Yet a company whose products are all based on microbes has been named the most sustainable company in the world in Corporate Knights’ Global 100 ranking. Chr. Hansen is a Danish bioscience company that dates back 140 years and “develops natural solutions for the food, nutritional, pharmaceutical and agricultural industries,” the company says.

“We develop and produce cultures, enzymes, probiotics and natural colors for a rich variety of foods, confectionery, beverages, dietary supplements and even animal feed,” adds CEO Mauricio Graber. “Our product innovation is based on more than 30,000 microbial strains that we call ‘good bacteria.’”
Chr. Hansen’s approach to sustainability is based around how it can contribute to the United Nations’ Sustainability Development Goals (SDGs), with 82% of the company’s revenue contributing to the targets.

“We believe the SDGs are a really good framework to translate our business into sustainability impact. We analysed our entire product portfolio to see which of the SDGs we had the most impact on and we decided to focus on three ‘strategic lighthouses,’” Graber says. “These are business areas we see as developing and growingaboth because of the commercial opportunities and the positive impact on the planet and sustainability.”

The first pillar of this strategy is food cultures, with the principal focus on bacteria that reduce food waste by prolonging the shelf life of food products, mainly yogurt and cheese. The company has a target of reducing yogurt waste by 1.2 million tonnes by 2022 from 2015 levels.

The second pillar is plant protection, which links to the SDG of sustainable agriculture. “We provide natural microbial solutions that can be used as an alternative to conventional pesticides while also increasing yields,” the CEO says. “It is much closer to the way that nature intended things and removes the risks and negative impacts of pesticides.”

Chr. Hansen is focusing on the megacrops – corn, sugarcane and soy – because they occupy the most land, but says its products are “crop-agnostic.” It is also working with the Danish Development Agency and Care Danmark on a project in Kenya to see if small-scale farmers can benefit from the same protection.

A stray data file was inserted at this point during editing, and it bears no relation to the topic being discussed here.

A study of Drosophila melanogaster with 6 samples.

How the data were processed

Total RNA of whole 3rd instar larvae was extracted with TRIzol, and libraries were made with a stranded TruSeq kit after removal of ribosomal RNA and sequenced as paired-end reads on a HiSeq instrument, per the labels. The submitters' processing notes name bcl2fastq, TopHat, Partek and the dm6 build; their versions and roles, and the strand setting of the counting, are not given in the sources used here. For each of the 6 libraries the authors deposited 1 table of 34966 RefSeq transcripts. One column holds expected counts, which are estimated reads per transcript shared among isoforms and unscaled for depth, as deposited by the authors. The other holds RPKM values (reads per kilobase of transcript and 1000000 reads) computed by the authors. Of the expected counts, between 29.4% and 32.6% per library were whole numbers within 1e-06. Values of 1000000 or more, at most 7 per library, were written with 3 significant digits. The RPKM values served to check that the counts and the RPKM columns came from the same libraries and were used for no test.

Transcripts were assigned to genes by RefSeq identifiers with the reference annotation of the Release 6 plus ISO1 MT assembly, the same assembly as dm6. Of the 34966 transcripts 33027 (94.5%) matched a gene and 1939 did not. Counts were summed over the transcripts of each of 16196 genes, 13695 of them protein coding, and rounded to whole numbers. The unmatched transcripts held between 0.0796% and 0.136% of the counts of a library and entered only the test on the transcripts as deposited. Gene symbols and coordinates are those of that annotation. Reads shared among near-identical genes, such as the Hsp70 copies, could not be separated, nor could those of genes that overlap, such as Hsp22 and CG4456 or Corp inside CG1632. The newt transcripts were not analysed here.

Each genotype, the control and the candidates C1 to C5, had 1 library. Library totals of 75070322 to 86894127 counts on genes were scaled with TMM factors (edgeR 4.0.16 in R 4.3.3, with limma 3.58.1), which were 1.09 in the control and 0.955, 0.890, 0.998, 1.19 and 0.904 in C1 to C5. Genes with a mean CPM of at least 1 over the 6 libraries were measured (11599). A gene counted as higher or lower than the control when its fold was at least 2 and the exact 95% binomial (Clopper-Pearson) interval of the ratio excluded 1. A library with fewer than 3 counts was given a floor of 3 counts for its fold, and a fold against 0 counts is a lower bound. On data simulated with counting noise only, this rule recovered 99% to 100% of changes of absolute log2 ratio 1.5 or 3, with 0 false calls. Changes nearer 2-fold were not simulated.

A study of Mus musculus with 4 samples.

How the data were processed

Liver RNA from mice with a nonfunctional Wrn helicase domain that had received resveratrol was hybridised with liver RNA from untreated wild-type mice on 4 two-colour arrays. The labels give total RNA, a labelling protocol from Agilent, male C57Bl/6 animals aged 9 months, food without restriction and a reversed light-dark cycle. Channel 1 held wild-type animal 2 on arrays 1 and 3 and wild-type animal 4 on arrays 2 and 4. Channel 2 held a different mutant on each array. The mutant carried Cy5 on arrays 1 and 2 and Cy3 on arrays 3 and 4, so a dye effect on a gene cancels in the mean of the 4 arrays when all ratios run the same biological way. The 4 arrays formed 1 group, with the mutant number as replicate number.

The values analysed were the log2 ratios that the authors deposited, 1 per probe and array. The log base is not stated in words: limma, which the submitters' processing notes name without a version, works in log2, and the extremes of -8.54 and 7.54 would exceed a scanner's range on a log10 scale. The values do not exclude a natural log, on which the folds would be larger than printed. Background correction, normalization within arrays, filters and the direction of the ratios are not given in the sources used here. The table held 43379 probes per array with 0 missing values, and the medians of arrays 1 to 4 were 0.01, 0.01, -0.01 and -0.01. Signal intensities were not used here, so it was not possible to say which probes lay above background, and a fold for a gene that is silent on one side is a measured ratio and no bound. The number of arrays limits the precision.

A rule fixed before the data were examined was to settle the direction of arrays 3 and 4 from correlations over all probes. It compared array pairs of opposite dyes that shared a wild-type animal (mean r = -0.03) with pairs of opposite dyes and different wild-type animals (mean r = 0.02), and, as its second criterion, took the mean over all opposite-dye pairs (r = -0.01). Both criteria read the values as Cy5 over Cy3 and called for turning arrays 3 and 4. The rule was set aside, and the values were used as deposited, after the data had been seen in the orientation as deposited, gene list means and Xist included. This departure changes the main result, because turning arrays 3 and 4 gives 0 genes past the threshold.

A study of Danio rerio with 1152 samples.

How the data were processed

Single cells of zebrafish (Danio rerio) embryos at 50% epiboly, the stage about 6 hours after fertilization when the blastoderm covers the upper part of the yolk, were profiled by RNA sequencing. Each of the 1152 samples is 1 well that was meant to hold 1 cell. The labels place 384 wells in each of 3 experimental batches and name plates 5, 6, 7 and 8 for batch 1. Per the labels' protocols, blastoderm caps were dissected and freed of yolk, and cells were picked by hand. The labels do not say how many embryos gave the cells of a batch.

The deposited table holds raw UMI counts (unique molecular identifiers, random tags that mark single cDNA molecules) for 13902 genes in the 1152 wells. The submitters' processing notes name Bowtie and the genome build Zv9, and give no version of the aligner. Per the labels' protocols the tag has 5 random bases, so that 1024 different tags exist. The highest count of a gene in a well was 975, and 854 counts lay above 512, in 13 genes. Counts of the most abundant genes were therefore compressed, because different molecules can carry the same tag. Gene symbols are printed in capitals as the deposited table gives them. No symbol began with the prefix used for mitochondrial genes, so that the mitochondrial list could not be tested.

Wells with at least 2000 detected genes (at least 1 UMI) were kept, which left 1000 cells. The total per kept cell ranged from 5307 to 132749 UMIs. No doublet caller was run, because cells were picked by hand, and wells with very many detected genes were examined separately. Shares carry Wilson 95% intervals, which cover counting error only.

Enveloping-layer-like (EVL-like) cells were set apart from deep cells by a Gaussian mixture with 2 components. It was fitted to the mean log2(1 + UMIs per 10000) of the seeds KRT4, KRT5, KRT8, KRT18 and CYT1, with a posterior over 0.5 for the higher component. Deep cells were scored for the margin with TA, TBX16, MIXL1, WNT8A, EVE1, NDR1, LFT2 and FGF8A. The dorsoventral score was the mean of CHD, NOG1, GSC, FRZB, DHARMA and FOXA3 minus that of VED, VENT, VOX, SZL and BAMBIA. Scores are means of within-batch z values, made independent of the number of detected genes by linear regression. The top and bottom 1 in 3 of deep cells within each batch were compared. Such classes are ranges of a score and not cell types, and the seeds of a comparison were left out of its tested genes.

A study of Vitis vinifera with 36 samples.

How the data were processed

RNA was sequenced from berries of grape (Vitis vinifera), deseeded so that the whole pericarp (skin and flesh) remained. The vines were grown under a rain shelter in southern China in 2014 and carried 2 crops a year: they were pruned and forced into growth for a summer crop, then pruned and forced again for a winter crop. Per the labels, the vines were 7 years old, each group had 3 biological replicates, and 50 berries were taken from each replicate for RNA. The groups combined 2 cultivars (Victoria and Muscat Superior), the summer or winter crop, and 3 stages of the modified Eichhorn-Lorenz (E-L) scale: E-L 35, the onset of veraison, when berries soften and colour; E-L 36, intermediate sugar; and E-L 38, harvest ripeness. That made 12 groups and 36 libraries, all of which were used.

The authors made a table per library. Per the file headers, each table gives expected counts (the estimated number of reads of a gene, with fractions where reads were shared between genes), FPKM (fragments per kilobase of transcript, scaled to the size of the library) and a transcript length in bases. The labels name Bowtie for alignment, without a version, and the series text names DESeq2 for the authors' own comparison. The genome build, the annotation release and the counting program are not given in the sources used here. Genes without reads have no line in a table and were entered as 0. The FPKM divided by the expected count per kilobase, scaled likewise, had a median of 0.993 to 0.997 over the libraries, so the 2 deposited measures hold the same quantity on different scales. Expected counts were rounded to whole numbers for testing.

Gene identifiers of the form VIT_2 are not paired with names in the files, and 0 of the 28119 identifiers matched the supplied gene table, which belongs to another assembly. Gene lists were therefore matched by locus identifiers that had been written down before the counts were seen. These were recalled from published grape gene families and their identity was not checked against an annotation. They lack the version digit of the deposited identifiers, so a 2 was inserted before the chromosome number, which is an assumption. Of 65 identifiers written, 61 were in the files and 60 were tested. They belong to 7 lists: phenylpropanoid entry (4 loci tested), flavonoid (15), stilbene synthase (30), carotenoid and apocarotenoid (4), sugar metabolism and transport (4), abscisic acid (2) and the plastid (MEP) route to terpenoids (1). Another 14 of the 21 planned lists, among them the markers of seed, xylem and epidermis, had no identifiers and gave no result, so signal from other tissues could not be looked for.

The third pillar is linked to the SDG of health and wellbeing. Central to this is to promote natural ingredients as a way to help gradually reduce the overuse of antibiotics in livestock farming and the impact of antibiotic resistance through the use of probiotic bacteria.

Chr. Hansen’s probiotics products help infants to develop good gut health, others can shorten the duration of the common cold and influenza-like illnesses. Chr. Hansen is researching how probiotics can help alleviate side effects from regular drugs.

One of the areas in the Global 100 ranking where Chr. Hansen performed particularly well was in the clean revenue category and in the representation of women on the board and in executive positions. It has recently appointed Dominique Reiniche as chairman of the board, making it the first large listed Danish company to have a female chairman. “We are in a growing battle for talent, and we need to improve diversity of all types,” Graber says.

Starting this year, the executive management board’s remuneration is also linked to the company’s targets on diversity, another area where it scored strongly.

Chr. Hansen’s success is based on a strategy of using natural solutions to address some of the key global megatrends, such as increasing food yields, reducing food waste and phasing out antibiotics in animal production, Graber says. “We are just at the start of the era of natural solutions using good bacteria,” he concludes.

Click here to return to the 2019 Global 100 landing page.